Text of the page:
Review: Curtis/Sutton & The Scavengers – Whiskey Rain


Route 66. A timeless beacon of Americana. History has weathered the once great vein that was a gateway to the American Southwest. But if we look closely enough, it isn’t gone. The physical manifestation may be deteriorating, but the soul of what it embodied is richly present.

If I were to give you an example of said rich presence to Route 66, today, I would look no further than Whiskey Rain by Boise’s Curtis/Sutton & The Scavengers. Don’t go looking for a rendition of “On The Road Again,” you won’t find it. But like the great lanes of Americana, stop looking for what was and start looking for what is.

Like the highway, Whiskey Rain crafts a seemingly simple but complexly technical compilation encapsulating a stunning beauty of gritty yet harmonizing combinations to deliver a remarkable journey. But I caution anyone reaching for simply nostalgia. It doesn’t exist here. The dusty boots and worn wood feeling of Curtis/Sutton’s latest thrives in the soul of the American west while possessing rich, organic fresh twelve new tracks.

Almost immediately, the spacious presence of Whiskey Rain sinks its hooks into your wanderlust. “Bacon and Beans” twangs and picks before Rain slips into the steely guitar of “Want it to Work.” The pairing of Ryan Curtis and Charlie Sutton is certainly an odd couple, vocally, on paper. Yet, as they exchange lyrical web-weaving, most notably for the first time, it is refreshing to hear Curtis and Sutton’s vocals settle into a sound that compliments the lyrics as much as they do the tracks they accompany. Where their self-title EP felt somewhat of a hand-off from song to song, the fluidity of Rain frames a songwriting maturity and tracking assembly that showcases just how damn good these picking musicians can be. Emphasis on “damn good.” If post-country bluegrass were a thing, hell it very well could be now, it is Curtis/Sutton & The Scavengers. The shaking slide of “No Good Son,” in its subtle yet captivating darkness, splices foot tapping and poetic waxing where strings and rolling banjo/guitar dances construct the title track in a way that can only justly be described as Curtis/Sutton & The Scavengers. In all, where harmonies should not work, yet ultimately seamlessly blend, and where gravelly moves between the light, Whiskey Rain is a call to bathe in the glory of Boise folk. I’ll be damned if I’m not first in line to that calling.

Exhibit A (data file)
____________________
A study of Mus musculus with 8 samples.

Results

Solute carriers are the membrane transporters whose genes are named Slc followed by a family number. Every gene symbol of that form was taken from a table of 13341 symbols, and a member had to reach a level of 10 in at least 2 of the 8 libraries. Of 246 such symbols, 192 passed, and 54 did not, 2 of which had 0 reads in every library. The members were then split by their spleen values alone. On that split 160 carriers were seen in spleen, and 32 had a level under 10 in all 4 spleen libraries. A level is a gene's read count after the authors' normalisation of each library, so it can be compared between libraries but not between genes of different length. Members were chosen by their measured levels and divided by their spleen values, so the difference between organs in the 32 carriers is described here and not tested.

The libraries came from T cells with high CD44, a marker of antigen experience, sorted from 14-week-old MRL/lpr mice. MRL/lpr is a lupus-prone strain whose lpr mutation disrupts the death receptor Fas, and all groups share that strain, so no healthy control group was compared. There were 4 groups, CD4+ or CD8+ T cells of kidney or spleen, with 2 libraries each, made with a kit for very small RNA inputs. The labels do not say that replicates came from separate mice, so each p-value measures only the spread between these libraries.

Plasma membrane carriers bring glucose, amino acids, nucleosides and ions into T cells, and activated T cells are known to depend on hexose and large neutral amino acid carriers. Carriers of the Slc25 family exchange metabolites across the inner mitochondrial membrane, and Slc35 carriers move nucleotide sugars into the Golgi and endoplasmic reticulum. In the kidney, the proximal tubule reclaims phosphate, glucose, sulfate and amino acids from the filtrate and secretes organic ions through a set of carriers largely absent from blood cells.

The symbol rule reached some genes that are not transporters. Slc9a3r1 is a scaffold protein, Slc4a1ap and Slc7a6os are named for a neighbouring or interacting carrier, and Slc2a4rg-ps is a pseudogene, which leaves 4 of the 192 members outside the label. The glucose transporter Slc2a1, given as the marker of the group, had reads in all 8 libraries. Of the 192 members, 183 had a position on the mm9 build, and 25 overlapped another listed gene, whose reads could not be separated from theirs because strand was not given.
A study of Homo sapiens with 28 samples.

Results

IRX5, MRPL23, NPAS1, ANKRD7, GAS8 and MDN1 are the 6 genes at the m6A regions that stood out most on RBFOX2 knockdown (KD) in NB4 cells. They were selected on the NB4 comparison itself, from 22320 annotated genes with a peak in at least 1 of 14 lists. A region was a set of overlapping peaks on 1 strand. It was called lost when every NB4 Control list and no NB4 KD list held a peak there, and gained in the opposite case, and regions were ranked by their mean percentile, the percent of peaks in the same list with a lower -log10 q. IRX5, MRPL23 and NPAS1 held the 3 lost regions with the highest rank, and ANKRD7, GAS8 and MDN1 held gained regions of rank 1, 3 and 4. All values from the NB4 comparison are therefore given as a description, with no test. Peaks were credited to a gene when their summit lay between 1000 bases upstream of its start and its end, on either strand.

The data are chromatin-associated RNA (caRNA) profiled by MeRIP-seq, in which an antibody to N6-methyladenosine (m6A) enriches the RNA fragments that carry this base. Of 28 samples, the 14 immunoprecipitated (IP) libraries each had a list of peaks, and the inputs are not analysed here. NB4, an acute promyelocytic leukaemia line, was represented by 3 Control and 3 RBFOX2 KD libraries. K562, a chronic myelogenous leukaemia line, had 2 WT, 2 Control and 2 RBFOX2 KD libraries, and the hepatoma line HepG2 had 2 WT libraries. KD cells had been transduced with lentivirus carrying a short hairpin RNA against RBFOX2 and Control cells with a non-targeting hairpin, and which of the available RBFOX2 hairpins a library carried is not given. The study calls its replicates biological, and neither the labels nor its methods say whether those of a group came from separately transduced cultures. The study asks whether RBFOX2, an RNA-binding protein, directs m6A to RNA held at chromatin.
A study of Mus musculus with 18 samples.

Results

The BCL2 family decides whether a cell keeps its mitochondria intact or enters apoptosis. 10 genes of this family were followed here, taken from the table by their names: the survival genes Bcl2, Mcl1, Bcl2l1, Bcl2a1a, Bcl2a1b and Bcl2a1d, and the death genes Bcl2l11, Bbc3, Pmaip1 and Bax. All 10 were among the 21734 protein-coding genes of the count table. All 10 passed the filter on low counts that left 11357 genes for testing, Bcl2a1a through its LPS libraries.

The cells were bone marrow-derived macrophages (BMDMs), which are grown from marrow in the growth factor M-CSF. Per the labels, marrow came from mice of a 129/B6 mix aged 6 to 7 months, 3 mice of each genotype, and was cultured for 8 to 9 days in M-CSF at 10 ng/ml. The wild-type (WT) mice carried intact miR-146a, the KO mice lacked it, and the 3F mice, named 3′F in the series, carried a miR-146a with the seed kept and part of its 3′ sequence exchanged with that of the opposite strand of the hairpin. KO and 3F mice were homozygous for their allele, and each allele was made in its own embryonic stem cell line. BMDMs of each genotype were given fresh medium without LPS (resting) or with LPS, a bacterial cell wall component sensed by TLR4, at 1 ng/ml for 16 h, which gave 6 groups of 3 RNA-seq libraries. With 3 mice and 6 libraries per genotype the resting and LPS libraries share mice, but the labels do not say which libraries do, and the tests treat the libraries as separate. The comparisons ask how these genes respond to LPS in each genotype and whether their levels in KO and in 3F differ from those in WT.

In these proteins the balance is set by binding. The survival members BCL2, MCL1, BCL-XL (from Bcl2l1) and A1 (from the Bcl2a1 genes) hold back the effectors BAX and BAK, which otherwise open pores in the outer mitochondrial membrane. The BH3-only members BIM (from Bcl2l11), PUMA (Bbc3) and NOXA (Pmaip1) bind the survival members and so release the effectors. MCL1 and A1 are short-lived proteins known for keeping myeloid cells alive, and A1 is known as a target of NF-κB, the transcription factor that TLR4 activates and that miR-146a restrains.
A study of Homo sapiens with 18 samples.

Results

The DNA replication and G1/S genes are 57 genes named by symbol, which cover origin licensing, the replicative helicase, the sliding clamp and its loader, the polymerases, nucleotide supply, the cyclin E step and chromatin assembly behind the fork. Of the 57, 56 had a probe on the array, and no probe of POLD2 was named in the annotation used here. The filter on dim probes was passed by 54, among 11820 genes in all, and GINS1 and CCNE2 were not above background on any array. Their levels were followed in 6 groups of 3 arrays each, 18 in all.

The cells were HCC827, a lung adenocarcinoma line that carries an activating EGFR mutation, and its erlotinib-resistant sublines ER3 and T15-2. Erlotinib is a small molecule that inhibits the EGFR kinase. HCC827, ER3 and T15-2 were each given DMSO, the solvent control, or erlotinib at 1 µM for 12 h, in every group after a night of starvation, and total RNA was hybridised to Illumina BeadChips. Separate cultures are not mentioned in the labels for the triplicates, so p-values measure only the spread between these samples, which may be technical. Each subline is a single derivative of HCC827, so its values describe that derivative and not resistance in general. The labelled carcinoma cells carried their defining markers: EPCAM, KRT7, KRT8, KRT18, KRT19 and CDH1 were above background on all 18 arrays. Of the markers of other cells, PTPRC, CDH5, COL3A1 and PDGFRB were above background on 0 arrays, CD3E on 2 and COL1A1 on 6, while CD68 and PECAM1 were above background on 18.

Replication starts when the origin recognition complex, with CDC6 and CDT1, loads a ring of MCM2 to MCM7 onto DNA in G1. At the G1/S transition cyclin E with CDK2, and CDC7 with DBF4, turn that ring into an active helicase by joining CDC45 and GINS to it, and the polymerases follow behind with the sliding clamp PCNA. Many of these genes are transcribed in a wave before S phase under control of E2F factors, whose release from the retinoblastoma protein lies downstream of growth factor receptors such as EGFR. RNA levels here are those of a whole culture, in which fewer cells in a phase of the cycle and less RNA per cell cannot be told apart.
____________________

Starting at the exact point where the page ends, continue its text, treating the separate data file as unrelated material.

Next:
In what is truly the first full-length release from Curtis/Sutton & The Scavengers I can definitively say they have poured the glass, passed the bottle, and delivered on an original album that the listener is bound to enjoy listening to as much as they should be proud. The dusty roads of Americana are thriving under the boots of Whiskey Rain.

Greg is a co-founder and regular contributor of Nanobot Rock.